Tuesday, March 21, 2006

You Know It's Crap-A-Daisies When.

When you walk into your pet food supplier's shop and the first thing the Supplier's Assistant [SA] says is "Watch out for the little cat at the back. It's in a bad way."

When you walk over to the little room at the back and you see your Supplier [S] sitting on the floor, looking like she's been crying.

You've been keeping your eyes peeled; but no cat. So you ask, and S informs you that she'd rescued two kittens, three weeks ago - the first one died this morning after vomiting copious amounts of blood. And the second one was displaying similar symptoms.

Then the cat appears: ginger and white, about 6 months, medium-length coat, a perfect tail. S gives details and you realise that you've never heard the symptoms before:

S took the kittens to TWO vets and both of them, I'm sorry to say, had no clue what it was. They simply gave drips and recommended supportive therapy.

I offered to take kitten #2 to a third vet and S said she and the kitten couldn't take further trauma, No I cannot let him go, I won't let him suffer while I'm not around, I hope you understand.

I can understand.

When I left I called two vets I knew and trusted. Heck, I was going to keep looking for answers or at least something to keep S afloat. Because sometimes even when we sense the worst, it hurts a bit less when we know exactly what is going on.

My second call struck gold. Dr L had treated a kitten with similar symptoms last week, and sadly the kitty didn't make it. It's called PANLEUKOPENIA, or Feline Distemper.

I did a bit of research, called S back and explained some bits I thought she needed to know - especially the parts that mentioned how contagious the virus was and how unvaccinated cats were at risk.

I could hear the strength pouring back into her soul when she said "Oh shit. I gotta disinfect the place." She hung up almost immediately to bleach the entire shop and check on her other rescue cats, some of which had their shots long overdue.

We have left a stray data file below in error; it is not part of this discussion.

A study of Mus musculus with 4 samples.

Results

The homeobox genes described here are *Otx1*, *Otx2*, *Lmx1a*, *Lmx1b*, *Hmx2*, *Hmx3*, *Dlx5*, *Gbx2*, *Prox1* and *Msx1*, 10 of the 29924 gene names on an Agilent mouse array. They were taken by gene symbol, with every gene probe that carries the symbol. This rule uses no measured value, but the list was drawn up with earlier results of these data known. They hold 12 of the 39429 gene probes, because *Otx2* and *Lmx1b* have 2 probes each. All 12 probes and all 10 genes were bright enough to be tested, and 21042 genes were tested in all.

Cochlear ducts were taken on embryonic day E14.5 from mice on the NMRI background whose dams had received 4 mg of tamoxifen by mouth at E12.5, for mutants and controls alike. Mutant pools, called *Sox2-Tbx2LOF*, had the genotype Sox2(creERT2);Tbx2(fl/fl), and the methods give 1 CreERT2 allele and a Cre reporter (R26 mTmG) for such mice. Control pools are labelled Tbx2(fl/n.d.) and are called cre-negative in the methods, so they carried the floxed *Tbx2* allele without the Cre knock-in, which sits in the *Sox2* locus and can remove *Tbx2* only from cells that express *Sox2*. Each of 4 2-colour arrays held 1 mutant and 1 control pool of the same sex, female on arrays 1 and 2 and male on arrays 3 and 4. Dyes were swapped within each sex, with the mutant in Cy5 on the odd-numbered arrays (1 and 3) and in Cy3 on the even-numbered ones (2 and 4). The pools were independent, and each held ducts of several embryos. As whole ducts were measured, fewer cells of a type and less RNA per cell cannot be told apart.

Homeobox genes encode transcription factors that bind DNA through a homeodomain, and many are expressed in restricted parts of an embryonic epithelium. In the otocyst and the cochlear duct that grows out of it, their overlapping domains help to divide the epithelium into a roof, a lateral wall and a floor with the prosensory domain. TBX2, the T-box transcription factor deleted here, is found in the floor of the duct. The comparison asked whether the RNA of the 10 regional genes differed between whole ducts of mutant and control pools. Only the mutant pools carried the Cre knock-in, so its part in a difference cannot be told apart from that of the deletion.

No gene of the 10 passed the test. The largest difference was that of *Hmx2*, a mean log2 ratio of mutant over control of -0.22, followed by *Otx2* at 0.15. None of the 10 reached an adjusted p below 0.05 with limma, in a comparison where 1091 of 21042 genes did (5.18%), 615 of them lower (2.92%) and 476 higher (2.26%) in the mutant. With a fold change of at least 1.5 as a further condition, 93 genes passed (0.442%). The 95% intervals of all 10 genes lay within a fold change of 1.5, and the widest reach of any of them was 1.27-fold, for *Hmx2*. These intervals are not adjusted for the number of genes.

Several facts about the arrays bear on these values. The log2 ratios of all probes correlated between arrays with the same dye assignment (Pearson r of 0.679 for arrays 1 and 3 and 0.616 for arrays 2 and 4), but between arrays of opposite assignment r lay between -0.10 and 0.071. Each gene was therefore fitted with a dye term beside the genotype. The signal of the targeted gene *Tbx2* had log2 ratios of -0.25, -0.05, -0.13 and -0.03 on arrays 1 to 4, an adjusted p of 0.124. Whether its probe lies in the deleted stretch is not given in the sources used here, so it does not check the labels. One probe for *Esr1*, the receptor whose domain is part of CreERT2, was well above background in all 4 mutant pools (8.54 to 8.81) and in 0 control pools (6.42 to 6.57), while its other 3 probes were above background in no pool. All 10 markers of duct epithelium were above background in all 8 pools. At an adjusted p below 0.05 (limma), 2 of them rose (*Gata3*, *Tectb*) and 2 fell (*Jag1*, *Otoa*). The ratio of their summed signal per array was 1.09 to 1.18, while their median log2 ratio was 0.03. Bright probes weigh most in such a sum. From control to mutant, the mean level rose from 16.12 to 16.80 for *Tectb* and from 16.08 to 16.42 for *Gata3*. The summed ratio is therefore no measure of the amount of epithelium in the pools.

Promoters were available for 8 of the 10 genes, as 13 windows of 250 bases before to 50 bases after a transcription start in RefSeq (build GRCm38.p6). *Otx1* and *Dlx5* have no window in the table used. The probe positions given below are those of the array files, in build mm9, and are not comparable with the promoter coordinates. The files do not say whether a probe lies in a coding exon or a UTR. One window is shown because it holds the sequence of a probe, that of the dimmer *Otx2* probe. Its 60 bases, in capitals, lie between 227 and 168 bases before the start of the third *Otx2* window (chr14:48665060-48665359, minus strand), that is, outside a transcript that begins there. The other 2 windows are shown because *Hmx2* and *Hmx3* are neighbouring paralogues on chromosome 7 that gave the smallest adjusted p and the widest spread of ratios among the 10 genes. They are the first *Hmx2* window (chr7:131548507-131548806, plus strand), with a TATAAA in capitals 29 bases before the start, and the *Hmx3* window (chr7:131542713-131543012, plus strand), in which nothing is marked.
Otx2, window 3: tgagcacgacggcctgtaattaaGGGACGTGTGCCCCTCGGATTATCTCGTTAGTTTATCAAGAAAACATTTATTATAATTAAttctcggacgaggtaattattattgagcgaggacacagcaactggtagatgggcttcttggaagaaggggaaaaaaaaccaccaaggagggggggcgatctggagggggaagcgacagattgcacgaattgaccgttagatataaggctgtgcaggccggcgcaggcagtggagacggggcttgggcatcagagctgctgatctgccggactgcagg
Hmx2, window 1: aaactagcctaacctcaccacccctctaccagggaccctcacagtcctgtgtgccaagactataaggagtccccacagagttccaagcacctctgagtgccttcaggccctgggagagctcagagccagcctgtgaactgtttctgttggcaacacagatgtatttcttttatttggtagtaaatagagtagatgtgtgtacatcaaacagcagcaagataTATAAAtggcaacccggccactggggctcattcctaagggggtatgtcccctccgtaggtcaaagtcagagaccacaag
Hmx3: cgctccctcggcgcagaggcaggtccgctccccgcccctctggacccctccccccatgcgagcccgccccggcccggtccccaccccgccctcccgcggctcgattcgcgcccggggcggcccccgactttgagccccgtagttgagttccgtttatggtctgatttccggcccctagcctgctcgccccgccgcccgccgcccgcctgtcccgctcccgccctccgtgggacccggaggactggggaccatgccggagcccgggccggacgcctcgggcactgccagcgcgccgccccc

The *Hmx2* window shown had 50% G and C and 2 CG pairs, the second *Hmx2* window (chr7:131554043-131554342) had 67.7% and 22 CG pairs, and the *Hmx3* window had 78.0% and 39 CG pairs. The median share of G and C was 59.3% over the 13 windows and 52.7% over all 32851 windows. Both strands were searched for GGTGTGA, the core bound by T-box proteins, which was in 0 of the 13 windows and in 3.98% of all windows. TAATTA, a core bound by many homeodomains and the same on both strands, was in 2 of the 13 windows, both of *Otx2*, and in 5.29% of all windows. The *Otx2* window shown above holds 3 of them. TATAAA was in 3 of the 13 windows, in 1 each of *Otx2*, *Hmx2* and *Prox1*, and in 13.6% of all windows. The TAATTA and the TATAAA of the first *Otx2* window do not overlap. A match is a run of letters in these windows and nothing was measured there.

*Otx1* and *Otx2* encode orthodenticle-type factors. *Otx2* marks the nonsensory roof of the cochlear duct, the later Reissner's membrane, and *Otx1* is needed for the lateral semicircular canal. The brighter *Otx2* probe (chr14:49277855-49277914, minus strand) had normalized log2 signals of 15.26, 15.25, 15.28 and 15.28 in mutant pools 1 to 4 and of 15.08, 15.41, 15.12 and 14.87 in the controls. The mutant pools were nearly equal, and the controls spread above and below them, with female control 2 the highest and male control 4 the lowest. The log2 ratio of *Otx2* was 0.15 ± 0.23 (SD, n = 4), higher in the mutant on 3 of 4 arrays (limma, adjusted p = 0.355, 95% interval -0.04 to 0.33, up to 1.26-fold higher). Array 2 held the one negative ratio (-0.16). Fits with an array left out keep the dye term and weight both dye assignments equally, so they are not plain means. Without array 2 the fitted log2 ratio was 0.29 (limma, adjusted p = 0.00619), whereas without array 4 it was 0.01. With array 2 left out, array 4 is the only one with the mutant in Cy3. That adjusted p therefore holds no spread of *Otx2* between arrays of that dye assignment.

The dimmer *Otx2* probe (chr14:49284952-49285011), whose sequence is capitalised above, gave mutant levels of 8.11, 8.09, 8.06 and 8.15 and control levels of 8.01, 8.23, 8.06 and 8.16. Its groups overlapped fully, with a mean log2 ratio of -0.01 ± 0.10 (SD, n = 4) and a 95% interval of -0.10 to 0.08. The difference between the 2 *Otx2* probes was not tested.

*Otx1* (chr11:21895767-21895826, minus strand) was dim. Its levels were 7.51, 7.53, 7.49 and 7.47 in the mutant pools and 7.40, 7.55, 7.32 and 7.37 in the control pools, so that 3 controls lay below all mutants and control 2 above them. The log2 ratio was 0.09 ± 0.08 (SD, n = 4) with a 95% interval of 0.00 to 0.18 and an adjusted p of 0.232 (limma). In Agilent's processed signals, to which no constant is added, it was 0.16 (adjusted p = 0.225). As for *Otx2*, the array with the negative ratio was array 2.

All best, S and kitten #2.

Lessons I've learnt today:

The quality of our life and health is a deeply personal responsibility.

Because at the end of the day, we stand to lose those we love - not just animals but family members and friends - if we don't stand up for them.


good on you catdonna!
All these diseases are frightening & we are usually unaware of them until we are affected by it. By then, it can be too late.

But you are right, we should always get a second, third & fourth opinions & then make educated decisions.

Thank goodness for the persistence. It gave hope to S.
Great you insisted on looking for the source of the illness. I never never the annual vaccinations cover distemper. Will definitely do more reading up on it.

k.s.n.: thx! S has been a great kaki and very helpful when I needed tips on cat nutrition, so I wanted to help in any way I could.

cat: I think in situations like these, knowledge really is power. And as you say, sometimes it can give us hope... or at least the strength to act.

kxbc: I never knew too! You're right, I need to read up as well. Good to know what gets injected into my monsters. :)
Good for you CatDonna! Poor kitties though:(
S just delivered supplies to us last night. She's definitely in better spirits - kitten #2 is mending. Let's keep our fingers crossed for her.

BTW, S mentioned Feline Infectious Enteritis (FIE) as kitten #2's likely malaise.

GK: Thx for your concern. I'll be posting updates soon.

PNS: Ah, we have the same supplier. :)

Thx for the reference! Now I've learnt that panleukopenia is ALSO called feline distemper is ALSO called FIE. :P

God. Why can't they just stick with one name.

I guess it makes life more 'interesting' for us cat minions. Never underlook the catacomby effect on our brains - this name don't impress anymore, let's make a scarier/cryptic-er one.